A group of young children getting on the schoolbus

The Call of the School Bus

The school bus is coming! The school bus is coming! Summer is ending and I’m DANCING with excitement! The constant cacophony of noise, the odor of all things kid, and the Pig-Pen cloud of mess will be heading out the door and leave! The chaos of my house will be relocated to school and I will have approximately 30 seconds of peace. That’s how long it will take my children to walk down the driveway, get on the bus, and disappear around the bend. I will see them off and breathe a sigh of relief that we ended summer with the same number of children which with we greeted summer.

Then I will wonder, “What the hell am I supposed to do with the 7 minutes and 45 seconds I have ALONE in my house for the first time in eleven weeks!?”  In the short amount of time before I need to leave the house I will ponder the importance of each possible action and activity. The if/then result of every decision will cause tension in my neck. These few minutes are golden. I must not waste them.

Shall I clean the milk out of the sink? Load the dishes properly into the dishwasher? Wash the outside of the dishwasher? Clean the soap dispenser in the dishwasher? Tidy the area where the dishwasher soap lives? The possibilities are endless…and I’m only working with about three square feet of my kitchen! When I think about the remaining area of the kitchen I can’t catch my breath. Then the thought of the entire house enters my mind–all three floors–and ass over tea kettle I go. There goes 30 seconds of my free time while I collect myself, inspect the floor for dents…and find crumbs that MUST BE CLEANED.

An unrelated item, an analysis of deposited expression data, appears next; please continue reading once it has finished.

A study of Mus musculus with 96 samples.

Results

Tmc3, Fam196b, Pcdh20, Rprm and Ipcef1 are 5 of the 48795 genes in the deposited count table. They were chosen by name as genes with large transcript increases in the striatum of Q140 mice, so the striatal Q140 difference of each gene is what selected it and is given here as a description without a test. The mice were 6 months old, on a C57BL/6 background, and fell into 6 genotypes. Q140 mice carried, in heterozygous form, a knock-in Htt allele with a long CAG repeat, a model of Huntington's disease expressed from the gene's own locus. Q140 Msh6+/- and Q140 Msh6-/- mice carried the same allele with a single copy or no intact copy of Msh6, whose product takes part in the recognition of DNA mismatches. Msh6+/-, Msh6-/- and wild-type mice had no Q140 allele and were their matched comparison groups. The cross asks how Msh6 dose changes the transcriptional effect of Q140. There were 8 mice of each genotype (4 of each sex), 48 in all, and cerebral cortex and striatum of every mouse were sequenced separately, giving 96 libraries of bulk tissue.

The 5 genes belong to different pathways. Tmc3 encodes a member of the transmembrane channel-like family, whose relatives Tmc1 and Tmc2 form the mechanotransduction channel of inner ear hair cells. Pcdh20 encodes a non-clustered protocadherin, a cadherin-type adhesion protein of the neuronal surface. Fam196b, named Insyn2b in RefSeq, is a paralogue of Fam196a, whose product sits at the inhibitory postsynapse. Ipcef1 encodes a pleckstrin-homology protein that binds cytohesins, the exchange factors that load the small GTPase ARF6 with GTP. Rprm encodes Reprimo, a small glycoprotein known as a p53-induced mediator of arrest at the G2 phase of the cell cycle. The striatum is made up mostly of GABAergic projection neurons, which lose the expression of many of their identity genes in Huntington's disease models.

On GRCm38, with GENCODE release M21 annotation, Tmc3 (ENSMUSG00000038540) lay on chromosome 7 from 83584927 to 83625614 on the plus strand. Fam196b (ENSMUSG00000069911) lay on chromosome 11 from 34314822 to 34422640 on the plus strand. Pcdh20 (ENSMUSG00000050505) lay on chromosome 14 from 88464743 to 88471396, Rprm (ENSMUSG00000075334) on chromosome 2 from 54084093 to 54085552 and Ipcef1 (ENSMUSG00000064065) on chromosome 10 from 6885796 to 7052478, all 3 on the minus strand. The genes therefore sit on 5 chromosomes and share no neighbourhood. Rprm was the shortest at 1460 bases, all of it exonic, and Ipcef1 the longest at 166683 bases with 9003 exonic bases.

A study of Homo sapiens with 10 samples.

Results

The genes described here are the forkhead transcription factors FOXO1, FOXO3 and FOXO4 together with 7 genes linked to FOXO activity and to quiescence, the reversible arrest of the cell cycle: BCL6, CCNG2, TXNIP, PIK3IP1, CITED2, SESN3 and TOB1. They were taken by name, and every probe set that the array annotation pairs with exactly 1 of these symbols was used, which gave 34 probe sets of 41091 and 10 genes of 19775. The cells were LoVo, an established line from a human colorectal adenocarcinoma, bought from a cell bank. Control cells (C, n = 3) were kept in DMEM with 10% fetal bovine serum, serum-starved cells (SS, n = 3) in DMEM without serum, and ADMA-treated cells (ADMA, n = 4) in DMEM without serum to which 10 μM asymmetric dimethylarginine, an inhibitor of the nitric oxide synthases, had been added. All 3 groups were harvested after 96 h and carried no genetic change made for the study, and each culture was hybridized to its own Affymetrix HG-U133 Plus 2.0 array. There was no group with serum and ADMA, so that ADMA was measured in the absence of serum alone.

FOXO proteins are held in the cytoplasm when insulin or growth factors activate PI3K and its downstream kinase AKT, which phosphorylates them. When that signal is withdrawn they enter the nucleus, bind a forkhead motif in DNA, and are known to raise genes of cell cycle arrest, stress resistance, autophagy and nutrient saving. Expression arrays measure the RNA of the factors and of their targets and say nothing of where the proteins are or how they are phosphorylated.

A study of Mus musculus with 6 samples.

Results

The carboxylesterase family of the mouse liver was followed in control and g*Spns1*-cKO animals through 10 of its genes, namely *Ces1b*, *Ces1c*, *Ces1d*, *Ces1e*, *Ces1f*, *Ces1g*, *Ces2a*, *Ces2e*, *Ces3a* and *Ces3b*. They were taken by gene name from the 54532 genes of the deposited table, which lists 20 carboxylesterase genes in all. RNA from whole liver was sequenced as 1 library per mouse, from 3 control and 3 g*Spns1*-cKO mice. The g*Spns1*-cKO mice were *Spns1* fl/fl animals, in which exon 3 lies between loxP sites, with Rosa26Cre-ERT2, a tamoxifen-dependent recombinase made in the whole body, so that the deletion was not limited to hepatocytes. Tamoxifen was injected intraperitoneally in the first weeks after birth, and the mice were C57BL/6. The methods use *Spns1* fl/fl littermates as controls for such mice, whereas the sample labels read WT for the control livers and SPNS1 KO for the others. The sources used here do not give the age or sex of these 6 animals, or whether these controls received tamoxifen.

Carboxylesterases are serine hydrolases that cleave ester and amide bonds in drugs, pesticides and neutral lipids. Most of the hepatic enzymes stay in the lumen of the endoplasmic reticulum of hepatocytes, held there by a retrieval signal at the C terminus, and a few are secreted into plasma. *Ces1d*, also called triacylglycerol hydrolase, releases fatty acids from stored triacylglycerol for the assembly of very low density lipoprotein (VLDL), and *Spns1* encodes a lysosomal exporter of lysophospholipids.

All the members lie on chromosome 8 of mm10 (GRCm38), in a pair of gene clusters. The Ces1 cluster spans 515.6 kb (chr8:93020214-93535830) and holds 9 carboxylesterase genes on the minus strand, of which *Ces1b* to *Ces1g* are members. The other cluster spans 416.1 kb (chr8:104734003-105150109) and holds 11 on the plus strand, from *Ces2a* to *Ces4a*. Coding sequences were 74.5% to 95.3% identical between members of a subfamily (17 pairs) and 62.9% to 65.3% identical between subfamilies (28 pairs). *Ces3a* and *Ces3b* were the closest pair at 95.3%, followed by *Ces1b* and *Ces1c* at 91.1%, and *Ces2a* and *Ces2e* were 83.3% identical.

It’s too early for a glass of wine. It’s too hot for coffee. I’m obviously far too excited to choose an appropriate beverage. Summer was awesome but the school season is my jam. Oh! Tea and toast with jam. I’m down to 5 minutes.

Once I realize I am still in my pajamas, have a trail of jam down my shirt, and my hair resembles something akin to a bird’s nest, my 5 golden minutes vanish like a hoagie in front of a teenage boy. I take care of things and head out for my day. Only to prepare for the renewed joy of seeing my people when they come home excited from the first day of classes.

One of toughest battles I fight as a mom is the need to fill every possible second with something. Whether it be a duty, playtime, sport, job, or even concern, I struggle with the need to fill time. Because if there’s free time, I have a) forgotten something b) forgotten someone c) dropped the ball on a commitment or d) had too much wine and no longer care about a,b, or c. Well, maybe b.

Summer accentuates the battle of the busy. I have to re-learn each year to enjoy the summer’s moments. There’s counting kids, a calendar with commitments, and the running of forgotten things to forgetful kids. I remind myself I don’t have to fill the gaps, that downtime is acceptable and okay.

During the school year, summer calls to mothers with a siren’s voice. That voice starts shrieking by August. A voice only silenced by the calm of an empty house on a September morning.

I have to go. The school bus is coming!

This post originally appeared on Evil Joy Speaks. It has been reprinted with permission.